In recent weeks, Sarit Yoker's small family refet (dairy farm) in Nahalal has become a training center for volunteers who want to work in the cowsheds in the Gaza envelope region. "I heard that there are many people who want to volunteer, but are not familiar with working in the refet and have no training, and I realized that I can help them come more prepared,” she told Davar.
In normal times, Yoker manages the cowshed at the WIZO Nahalal Youth Village. At the same time, she and her husband Arnon, a fourth-generation resident of Nahalal, work in the small family dairy farm that belongs to his parents. Arnon was drafted at the beginning of the war, and since then she has been alone at home with her two young daughters, juggling the tasks in the family cowshed and the youth village cowshed.
From the moment the war began, the cowsheds in the Gaza envelope faced a sudden and significant shortage of manpower, which was compounded by the physical damage to the cowsheds, the injuries of the cows themselves, and the difficulty of staying in the area during the fighting. Many Thai agricultural workers in the envelope were kidnapped or murdered in the October 7 attacks, and many others decided to return to their country, at least for now. Like other branches of agriculture, the situation has created a serious challenge for the sector in relation to the basic ability to maintain the farms.
"Dairy farmers from all over the country started volunteering, because there were almost no workers," Yoker said, explaining that in the early days, veteran dairy farmers with much experience and knowledge came to help.
"They were looking for people who know how to operate a cowshed, because it's hard to train someone inexperienced on the spot," she said, adding that due to the lack of manpower, "it was clear that there would be a need for many volunteers for a long time."
"You realize that it's not just technical work – you have to feel the cow"
Yoker wanted to participate herself in milking efforts near the Gaza Strip, but this was not possible due to the need to continue her work at the youth village and in the family cowshed, as well as take care of her daughters.
"I found myself helpless," she said. "[I was] so eager to help the cows in the Gaza envelope, but I couldn't leave everything."
She decided to use her experience and skills in agricultural education to train inexperienced workers. "I identified a difficult challenge, a challenge in recruiting volunteers for southern cowsheds. So I initiated exposure and training to the industry for people who want to volunteer in the envelope. I started teaching from the basics,” she explained.
The training takes place at Yoker’s family dairy farm. The volunteers come for evening milking, and receive personal training for several hours.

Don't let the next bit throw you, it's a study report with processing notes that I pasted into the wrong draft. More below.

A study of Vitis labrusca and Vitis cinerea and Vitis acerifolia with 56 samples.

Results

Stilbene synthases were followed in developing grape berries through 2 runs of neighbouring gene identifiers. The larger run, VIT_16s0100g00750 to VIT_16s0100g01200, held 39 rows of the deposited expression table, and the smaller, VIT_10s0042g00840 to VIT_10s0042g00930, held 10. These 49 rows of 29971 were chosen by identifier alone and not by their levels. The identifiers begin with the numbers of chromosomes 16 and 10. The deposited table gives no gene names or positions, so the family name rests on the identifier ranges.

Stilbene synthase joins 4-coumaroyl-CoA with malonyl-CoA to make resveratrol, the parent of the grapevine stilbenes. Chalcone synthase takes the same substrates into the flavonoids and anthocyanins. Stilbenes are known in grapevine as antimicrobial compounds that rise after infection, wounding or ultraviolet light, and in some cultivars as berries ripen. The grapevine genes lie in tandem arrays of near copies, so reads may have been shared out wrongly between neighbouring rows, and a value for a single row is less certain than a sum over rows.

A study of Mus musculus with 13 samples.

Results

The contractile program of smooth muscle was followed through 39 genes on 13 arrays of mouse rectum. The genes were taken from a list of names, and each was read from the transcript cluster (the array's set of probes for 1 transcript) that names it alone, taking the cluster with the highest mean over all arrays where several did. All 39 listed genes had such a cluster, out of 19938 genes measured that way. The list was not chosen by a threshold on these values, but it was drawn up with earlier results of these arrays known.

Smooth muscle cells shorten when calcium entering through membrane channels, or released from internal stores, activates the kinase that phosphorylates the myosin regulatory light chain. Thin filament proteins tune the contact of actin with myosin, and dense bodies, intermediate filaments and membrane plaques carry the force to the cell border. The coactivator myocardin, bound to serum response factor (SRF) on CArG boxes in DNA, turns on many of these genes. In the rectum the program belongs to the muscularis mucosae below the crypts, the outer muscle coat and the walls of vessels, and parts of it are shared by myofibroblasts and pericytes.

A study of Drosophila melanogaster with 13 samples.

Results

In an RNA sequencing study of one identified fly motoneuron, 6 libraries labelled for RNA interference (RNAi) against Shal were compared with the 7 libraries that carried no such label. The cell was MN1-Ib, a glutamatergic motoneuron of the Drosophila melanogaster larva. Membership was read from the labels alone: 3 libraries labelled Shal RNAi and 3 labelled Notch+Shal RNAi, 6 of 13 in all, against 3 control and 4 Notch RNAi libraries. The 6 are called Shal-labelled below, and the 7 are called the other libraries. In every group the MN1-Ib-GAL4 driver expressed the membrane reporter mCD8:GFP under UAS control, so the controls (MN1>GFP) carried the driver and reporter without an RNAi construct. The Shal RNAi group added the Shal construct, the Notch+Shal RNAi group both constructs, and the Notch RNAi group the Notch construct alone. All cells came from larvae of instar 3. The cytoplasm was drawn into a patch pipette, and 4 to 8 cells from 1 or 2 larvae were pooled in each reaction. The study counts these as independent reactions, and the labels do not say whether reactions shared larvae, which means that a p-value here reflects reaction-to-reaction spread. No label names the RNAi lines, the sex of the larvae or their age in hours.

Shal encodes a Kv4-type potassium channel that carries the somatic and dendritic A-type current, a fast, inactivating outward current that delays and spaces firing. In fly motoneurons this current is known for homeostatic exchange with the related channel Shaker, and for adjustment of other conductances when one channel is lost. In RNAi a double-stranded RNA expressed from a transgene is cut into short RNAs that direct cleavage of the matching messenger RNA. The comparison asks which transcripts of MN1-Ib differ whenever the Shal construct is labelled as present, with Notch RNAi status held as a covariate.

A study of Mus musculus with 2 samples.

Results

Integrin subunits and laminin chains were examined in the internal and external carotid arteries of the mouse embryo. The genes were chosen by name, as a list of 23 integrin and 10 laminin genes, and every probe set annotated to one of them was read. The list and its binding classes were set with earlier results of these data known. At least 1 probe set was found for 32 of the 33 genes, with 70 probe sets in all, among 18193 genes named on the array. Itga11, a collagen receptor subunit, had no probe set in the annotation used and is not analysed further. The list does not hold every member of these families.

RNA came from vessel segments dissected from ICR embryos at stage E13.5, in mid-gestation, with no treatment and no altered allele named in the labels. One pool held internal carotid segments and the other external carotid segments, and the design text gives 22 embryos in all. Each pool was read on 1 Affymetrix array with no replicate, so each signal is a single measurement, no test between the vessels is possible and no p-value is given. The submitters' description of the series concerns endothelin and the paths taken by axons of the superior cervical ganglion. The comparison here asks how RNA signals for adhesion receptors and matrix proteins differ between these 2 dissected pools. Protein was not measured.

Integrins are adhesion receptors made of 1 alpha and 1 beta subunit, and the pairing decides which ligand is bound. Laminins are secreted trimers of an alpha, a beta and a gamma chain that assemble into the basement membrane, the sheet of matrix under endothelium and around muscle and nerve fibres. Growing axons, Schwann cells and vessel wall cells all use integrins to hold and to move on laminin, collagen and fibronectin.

"The training makes it more tangible for the volunteers – getting to know the animal itself, its size and how to deal with it,” Yoker said. “I also invite those who want to see if it's right for them. As far as I'm concerned, even those who decide in the end that it's not for them have gained something. There is power in physically coming to the cowshed, you understand that it's not just technical work. You have to feel the cow."
Yoker speaks about the need to translate professional knowledge, including that which is considered basic for those with experience in the area.
"People come in who have no idea, and you have to teach them how to put on their boots, how to wash [the cows], how to hold the sprayer,” she said, describing the different stages of work that volunteers are required to know, such as moving the cows and operating the milking machine.
Yoker says that along with the professional dimension, getting to know a dairy farmer gives people confidence. She proudly talks about the results that are starting to emerge: "Yesterday we hosted two wonderful volunteers who are contributing, and soon they will go down to the cowsheds in the south to help."
Yoker is also busy spreading the knowledge to other circles. Together with Sivan Lacker, a veterinarian who specializes in conscious dairy farming and cow welfare, she prepares instructional videos that will be uploaded to YouTube for volunteers who are not able to attend the physical training sessions.
"I am filled with satisfaction and joy at the opportunity to pass on my knowledge, which indirectly reaches the cows and the [volunteer] teams," she says. "These trainings have many implications."
Among other things, she talks about a change in the attitude towards imports among the volunteers, and a sharpening of the need for local agricultural produce: "People now understand the importance of independent labor."
This article was translated from Hebrew by Benji Sharp.